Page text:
Sunday, September 9, 2018


Post #24

Donald A. Windsor

The phylogenetic tree, recently popularized by David Quammen (1), is indeed a very practical way to illustrate phylogenetic relationships. Horizontal gene transfer is described as connecting separate branches across the tree and altering evolution.

But without parasites, the tree would be just a gnarled stump, sparsely branched, parsimoniously twigged, and starkly leafless. Even though parasites can transfer genes from a host species on one branch to a host species on another branch, without parasitism there would be few, if any, branches to transfer between. Phylogenetic branches indicate that parasitism must have emerged very early in the evolution of living organisms.
The reason is that parasites prevent monopolistic monocultures. When competition and predation do not control monocultures, parasitic diseases step in. The result is biodiversity and multiple ecosystems (2).

Host species push back against parasites by rearranging their genetic material through sex. Other factors, such as environmental changes and competition, also cause sex. All of which leads to speciation and phylogenetic divergence, resulting in branching. Sex might have evolved without parasites, but parasites are the main drivers of sex because mating involves a choice of the most fit mates and a selection against unfit.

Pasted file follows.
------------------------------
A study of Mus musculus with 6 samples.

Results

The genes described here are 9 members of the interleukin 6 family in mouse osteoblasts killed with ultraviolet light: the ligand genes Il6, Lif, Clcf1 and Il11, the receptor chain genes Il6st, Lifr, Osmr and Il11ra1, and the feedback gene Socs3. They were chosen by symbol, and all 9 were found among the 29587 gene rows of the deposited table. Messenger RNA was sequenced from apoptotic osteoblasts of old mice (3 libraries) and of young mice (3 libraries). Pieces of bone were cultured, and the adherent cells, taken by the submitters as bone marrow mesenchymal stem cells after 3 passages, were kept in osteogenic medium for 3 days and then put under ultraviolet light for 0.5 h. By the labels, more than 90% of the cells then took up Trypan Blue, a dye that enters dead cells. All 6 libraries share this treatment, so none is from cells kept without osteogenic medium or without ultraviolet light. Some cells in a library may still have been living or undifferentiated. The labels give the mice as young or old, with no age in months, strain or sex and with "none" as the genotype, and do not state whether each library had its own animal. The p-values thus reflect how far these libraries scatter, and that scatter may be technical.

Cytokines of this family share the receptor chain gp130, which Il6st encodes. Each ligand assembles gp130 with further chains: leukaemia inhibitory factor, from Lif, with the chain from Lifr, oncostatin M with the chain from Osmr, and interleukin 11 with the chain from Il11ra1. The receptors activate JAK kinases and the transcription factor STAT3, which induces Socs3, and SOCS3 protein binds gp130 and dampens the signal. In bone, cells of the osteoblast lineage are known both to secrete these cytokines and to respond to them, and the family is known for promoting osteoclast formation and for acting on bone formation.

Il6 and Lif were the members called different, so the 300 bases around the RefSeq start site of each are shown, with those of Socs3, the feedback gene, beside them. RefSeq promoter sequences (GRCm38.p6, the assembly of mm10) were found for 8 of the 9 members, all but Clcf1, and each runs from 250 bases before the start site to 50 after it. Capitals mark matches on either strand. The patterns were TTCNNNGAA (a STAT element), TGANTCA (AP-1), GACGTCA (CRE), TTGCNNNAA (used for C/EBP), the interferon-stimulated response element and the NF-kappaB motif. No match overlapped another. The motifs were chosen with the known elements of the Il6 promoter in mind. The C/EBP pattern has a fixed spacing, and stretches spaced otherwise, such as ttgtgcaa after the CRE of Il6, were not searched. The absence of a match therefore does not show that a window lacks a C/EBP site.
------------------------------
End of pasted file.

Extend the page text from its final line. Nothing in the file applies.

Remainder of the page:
The real test of my hypothesis, stated in the title, will come when extraterrestrial life is discovered. Parasitism may be a property of life here on Earth, but it may not be universal. This is why it is so important for Earthlings not to contaminate other planets.

References cited:

1. Quammen, David. The Tangled Tree. A Radical New History of Life. New York, NY: Simon & Schuster. 2018. 462 pages.

2. Windsor, Donald A. Role of parasites in the Earth’s biosphere. Post#13.